Agape Project NY and Pegasus Therapeutic Riding Center partner to create sensory path
Two Brewster-based nonprofits are teaming up to create something special for people on the autism spectrum. The Agape Project NY and Pegasus Therapeutic Riding Center partnered to create “Project Walk With Me,” a new sensory trail at the 22-acre equestrian center for use by children and adults.
“We’ve always looked locally to see where there’s an opportunity to create something beneficial for the community,” said Ginny Gerard, one of the founding members of The Agape Project NY. “Each year we plan to partner with one organization. Pegasus had started a sensory path but needed help getting it to completion. We thought what a great way to kick off something we hope to do every year.”
Autistic people can experience over-responsiveness and under-responsiveness to a wide range of stimuli, according to AutismSpeaks.org, a national nonprofit dedicated to serving the needs of people with autism. Sensory pathways are designed to provide a positive experience with sensory stimuli.
The sensory trail that Agape Project and Pegasus are jointly creating will have crushed stone footing, zigzagging paths, musical elements, a gently sloping bridge and more, all designed to give different experiences and sensations to participants. The trail will be wide enough so that it can be experienced on foot, while leading a horse, or on horseback.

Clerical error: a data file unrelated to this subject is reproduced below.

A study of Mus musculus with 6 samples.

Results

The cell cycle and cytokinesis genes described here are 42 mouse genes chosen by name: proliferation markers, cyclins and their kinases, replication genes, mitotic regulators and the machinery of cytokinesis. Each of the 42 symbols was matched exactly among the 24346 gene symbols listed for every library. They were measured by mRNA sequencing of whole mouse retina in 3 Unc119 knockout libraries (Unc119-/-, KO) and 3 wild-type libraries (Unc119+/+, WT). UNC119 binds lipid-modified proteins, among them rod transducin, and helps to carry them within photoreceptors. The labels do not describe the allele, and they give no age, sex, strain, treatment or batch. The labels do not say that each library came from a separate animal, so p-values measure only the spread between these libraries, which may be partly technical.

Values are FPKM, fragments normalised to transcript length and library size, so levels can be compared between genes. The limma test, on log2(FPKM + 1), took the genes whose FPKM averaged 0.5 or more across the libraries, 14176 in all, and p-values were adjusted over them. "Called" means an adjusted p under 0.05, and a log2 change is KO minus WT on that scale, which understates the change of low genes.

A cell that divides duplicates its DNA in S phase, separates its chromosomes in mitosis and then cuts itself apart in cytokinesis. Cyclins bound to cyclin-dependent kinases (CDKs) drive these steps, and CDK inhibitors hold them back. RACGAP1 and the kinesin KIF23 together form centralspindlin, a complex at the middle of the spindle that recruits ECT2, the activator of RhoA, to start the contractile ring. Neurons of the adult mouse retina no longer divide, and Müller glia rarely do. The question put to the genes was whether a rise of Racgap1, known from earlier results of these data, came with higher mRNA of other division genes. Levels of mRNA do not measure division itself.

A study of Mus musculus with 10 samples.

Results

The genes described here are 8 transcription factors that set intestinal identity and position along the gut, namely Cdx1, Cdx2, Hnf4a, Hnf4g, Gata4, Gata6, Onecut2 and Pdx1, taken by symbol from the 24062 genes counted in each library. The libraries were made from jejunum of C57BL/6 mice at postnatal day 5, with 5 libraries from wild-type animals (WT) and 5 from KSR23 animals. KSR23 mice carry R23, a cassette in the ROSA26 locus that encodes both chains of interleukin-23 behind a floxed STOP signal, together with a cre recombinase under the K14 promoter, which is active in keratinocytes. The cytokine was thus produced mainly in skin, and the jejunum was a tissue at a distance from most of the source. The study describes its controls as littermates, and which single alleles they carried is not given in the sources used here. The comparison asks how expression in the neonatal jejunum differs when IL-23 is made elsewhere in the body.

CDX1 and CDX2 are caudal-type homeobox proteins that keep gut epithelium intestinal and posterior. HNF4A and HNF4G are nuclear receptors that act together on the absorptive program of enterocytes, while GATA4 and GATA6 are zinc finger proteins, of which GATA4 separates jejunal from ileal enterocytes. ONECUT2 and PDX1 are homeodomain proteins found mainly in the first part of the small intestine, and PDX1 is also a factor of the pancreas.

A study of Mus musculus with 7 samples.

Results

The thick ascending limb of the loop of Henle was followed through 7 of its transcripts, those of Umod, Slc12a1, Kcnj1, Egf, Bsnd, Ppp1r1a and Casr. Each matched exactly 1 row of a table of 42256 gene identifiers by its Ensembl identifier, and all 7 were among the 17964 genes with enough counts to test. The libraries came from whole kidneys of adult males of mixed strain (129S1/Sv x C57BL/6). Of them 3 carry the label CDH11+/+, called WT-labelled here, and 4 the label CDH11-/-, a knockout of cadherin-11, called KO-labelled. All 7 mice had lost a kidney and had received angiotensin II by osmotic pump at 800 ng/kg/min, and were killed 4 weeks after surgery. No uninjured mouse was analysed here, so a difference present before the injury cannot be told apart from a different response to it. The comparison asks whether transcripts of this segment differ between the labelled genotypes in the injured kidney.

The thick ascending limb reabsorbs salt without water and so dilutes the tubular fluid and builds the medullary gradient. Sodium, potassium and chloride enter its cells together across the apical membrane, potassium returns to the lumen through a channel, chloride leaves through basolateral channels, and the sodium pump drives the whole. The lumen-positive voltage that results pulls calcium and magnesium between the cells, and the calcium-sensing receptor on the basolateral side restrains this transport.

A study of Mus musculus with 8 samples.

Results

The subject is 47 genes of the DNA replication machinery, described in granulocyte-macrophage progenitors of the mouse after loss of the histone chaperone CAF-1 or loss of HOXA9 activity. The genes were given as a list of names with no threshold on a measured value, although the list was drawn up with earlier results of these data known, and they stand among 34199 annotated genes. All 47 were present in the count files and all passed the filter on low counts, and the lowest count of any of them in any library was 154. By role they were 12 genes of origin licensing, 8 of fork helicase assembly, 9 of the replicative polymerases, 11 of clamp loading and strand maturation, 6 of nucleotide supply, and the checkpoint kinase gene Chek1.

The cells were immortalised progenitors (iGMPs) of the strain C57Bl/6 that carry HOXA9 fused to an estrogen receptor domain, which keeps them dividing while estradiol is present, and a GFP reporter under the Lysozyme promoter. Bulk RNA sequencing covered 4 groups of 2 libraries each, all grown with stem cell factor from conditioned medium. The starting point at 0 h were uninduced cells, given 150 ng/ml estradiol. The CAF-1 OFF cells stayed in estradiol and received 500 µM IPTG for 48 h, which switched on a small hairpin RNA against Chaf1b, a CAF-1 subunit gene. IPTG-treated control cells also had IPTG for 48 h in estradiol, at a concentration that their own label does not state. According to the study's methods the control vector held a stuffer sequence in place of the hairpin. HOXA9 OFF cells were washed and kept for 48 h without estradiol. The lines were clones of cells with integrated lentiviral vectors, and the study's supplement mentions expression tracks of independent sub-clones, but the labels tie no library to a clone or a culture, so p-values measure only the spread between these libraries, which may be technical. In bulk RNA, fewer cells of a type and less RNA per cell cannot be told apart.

A pollinator garden at the center of the trail will attract butterflies and other beneficial insects, Gerard said. Here, narrower pathways will feature trellised arches and tiny bells to provide a musical component to the experience.
A local Girl Scout troop has been working to add their talents to the project, creating signs that identify different insects. Another group of volunteers got together in late May to create concrete stepping stones marked by numbers and butterfly shapes.
“A lot of people from the community are coming together to make this happen,” Gerard said.
Still, the project needs more volunteers. The organizations are asking for volunteers to help this Sunday from 9:00 a.m. to 2:00 p.m. to complete the project. Volunteers will help spread footing in pathways, install sensory elements, plant seedlings and more.
The finished pathway will be accessible to individuals who are already involved in a Pegasus program. The organization offers programs for people with autism, first responders and veterans.
“Pegasus runs so many programs,” Gerard said.It’s really impressive what they do.